The fourth and final day of Prime Minister Benjamin Netanyahu’s pre-indictment hearings before Attorney-General Avichai Mandelblit came to a close after around 10 hours.
Mandelblit is expected to decide whether to issue a final indictment against the prime minister before December 15, when State Attorney Shai Nitzan steps down, but there have been some reports that the decision could come down even as early as next month.
These hearings over Case 4000 (the Bezeq-Walla Affair), Case 1000 (the Illegal Gifts Affair) and Case 2000 (the Yediot Aharonot-Israel Hayom Affair) are Netanyahu’s last opportunity to head off a final indictment decision.
The attorney-general heard arguments from Netanyahu’s legal team about Case 4000 during the first three days, while the third and fourth days were mostly focused on Cases 2000 and 1000.
There were contradicting leaks throughout the hearings on whether Netanyahu’s lawyers had surprised Mandelblit with new arguments, or whether they had just presented alibis and alternate narratives to how the prosecution viewed the prime minister’s actions.
Besides the switch from Case 4000 to Case 1000, a controversy developed on Sunday over the absence of the prosecution team’s lead lawyer, Liat Ben-Ari.
The Justice Ministry confirmed that Ben-Ari had prior commitments, which was the reason she was absent.
However, Ben-Ari is the lioness of the prosecution who convicted former prime minister Ehud Olmert, and as lead prosecutor for the case, it was unprecedented for her to miss such a key hearing.
While the ministry downplayed her absence by noting that her staff and Mandelblit – the ultimate arbiter – were present, her absence could have much greater significance.
Ben-Ari had recommended that Mandelblit indict Netanyahu for bribery in all three cases, but the attorney-general overruled her, announcing an intent to charge for bribery only in Case 4000, while charging the more minor offenses of breach of trust in Cases 1000 and 2000.
Since Sunday and Monday were the days for hearing Netanyahu’s lawyers’ arguments for Cases 1000 and 2000, it could appear that either Ben-Ari is uninterested in their arguments on those cases, or that she and Mandelblit have such large disagreements about those cases that she found a reason to absent herself.
If any of these scenarios are true, it could impact how the legal establishment, Netanyahu’s team, and any later court perceive Mandelblit’s final decision.
Netanyahu’s lawyers lashed out at Ben-Ari on Sunday night, saying it showed that she was not giving them a chance at the pre-indictment hearings.
The prime minister’s lawyers have also rejected any talk of a plea bargain throughout, though Netanyahu’s former lawyer, Jacob Weinroth, now deceased, had likely explored this path at a much earlier stage.
Case 1000 revolves around allegations that Netanyahu illegally received gifts from billionaire Arnon Milchan, and the prime minister’s defense that these were gifts between friends and violated no law.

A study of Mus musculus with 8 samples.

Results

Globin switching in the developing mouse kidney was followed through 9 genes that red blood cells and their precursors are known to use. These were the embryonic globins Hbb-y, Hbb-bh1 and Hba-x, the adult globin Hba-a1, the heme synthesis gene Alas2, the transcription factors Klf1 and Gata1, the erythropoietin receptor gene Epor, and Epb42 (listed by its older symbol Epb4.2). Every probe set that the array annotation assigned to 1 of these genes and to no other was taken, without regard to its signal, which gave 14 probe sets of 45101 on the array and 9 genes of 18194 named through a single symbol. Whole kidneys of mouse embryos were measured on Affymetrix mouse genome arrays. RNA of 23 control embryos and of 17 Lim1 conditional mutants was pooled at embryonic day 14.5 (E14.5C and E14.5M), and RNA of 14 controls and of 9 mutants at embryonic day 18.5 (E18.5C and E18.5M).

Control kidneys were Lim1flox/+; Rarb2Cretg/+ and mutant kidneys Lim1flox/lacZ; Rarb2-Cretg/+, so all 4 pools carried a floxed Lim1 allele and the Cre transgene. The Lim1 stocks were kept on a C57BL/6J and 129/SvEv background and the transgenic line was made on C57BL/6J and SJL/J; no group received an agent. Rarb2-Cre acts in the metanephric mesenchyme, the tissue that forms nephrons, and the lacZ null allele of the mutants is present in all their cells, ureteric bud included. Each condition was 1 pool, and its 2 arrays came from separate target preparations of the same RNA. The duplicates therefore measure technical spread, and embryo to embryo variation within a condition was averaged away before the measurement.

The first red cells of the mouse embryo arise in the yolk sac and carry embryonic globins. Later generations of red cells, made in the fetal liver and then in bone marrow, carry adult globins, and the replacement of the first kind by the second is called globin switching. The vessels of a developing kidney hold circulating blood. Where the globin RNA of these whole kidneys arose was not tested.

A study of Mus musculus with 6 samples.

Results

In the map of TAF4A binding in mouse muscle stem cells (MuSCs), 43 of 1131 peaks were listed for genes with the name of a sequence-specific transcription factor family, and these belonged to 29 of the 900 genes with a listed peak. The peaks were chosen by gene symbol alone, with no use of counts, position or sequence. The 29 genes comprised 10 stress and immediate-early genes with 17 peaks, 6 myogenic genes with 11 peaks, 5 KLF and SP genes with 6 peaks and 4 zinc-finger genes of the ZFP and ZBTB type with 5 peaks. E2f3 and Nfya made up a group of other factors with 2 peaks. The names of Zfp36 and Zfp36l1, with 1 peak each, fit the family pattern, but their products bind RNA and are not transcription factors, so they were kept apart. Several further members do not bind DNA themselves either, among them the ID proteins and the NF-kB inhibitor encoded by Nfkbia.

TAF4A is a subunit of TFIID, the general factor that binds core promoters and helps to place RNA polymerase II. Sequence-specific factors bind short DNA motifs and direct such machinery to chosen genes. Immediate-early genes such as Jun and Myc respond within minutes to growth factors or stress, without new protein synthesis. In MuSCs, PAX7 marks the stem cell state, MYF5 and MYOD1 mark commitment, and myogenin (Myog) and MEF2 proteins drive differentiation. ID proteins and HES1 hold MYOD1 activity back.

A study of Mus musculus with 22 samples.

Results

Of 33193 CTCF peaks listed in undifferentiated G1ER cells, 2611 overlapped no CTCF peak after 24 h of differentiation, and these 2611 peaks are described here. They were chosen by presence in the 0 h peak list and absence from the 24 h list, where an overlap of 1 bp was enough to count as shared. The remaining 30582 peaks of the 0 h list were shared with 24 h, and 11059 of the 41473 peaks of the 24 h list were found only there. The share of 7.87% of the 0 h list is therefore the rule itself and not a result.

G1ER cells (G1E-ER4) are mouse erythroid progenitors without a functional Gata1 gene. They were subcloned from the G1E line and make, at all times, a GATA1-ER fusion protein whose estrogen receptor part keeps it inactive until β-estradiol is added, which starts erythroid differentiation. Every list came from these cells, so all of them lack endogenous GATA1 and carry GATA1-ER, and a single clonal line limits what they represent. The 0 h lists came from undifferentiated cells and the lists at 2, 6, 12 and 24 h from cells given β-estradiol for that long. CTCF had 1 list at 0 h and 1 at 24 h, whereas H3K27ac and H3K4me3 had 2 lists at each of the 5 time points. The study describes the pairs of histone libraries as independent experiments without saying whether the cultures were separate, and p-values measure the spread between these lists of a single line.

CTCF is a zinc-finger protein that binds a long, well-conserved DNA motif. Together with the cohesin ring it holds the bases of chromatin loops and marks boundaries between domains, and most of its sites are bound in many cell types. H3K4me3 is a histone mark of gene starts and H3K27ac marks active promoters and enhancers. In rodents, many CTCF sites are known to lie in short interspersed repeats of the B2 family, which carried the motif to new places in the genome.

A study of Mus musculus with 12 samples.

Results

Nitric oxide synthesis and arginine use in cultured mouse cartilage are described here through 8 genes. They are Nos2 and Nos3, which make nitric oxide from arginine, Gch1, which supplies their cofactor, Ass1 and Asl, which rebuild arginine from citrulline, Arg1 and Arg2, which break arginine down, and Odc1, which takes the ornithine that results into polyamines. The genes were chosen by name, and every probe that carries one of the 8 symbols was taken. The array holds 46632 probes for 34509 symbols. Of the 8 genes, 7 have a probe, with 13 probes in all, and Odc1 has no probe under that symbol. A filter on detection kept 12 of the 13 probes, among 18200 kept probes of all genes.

Netanyahu allegedly received NIS 267,254 in cigars, NIS 199,819 of champagne and NIS 10,900 worth of jewelry for his wife, Sara, from Milchan.
The prosecution said in February that Netanyahu knew about all of this, including the gifts for Sara, despite his statements to the contrary.
In addition, Netanyahu also allegedly summoned Maj.-Gen. Eitan Dangot to provide Milchan with a military helicopter to fly to Jordan for business.
Netanyahu’s lawyers have told The Jerusalem Post that this was for businessman Ratan Tata to advance deals with Jordan, not for Milchan. But the prosecution says Netanyahu also met with Milchan’s accountant, Ze’ev Feldman, to ensure that the business plans were to benefit Milchan.
Late in the investigation, evidence emerged that Netanyahu tried to have a law passed that would get Milchan potentially millions, or even hundreds of millions of shekels, in tax exemptions as a returning Israeli citizen.
The police have said that Netanyahu even leaned on then-finance minister Yair Lapid to push the law through, but that Lapid or his team blocked the law as being against state interests.
Netanyahu’s lawyers say that he was trying to promote foreign investment by Milchan into Israel, not for personal gain.
In Case 2000, Yediot Aharonot was losing millions of shekels to Israel Hayom.
The prosecution said in February that Yediot publisher Arnon Mozes allegedly asked Netanyahu to use his power to eliminate or reduce Israel Hayom so as to get those millions back.
In exchange, Yediot would allegedly not merely give the prime minister a favorable interview, but entirely shift its coverage – a shift that could be decisive whenever an election came around. The value in such a shift in coverage could be viewed as priceless.
Mandelblit said this could not be bribery but only breach of trust because unlike Case 4000, the alleged bribery scheme fell through and never took place. He has viewed proving attempted bribery and intent to bribe without an actual transaction as extremely difficult.
In addition, Mandelblit has been concerned about interfering with politicians’ relations with the media and free speech rights.
Netanyahu said the negotiations with Mozes were an elaborate act, and expressed frustration that other politicians involved in similar schemes have not been criminally probed.
Though this same concern existed in Case 4000, there Mandelblit is expected to indict Netanyahu for bribery anyway, because he views the Bezeq-Yes merger, with hundreds of millions of shekels going into Shaul Elovitch’s pocket, as trumping the concern of respecting political-media relations.
Case 4000 is the most serious case, as Netanyahu is charged with bribery.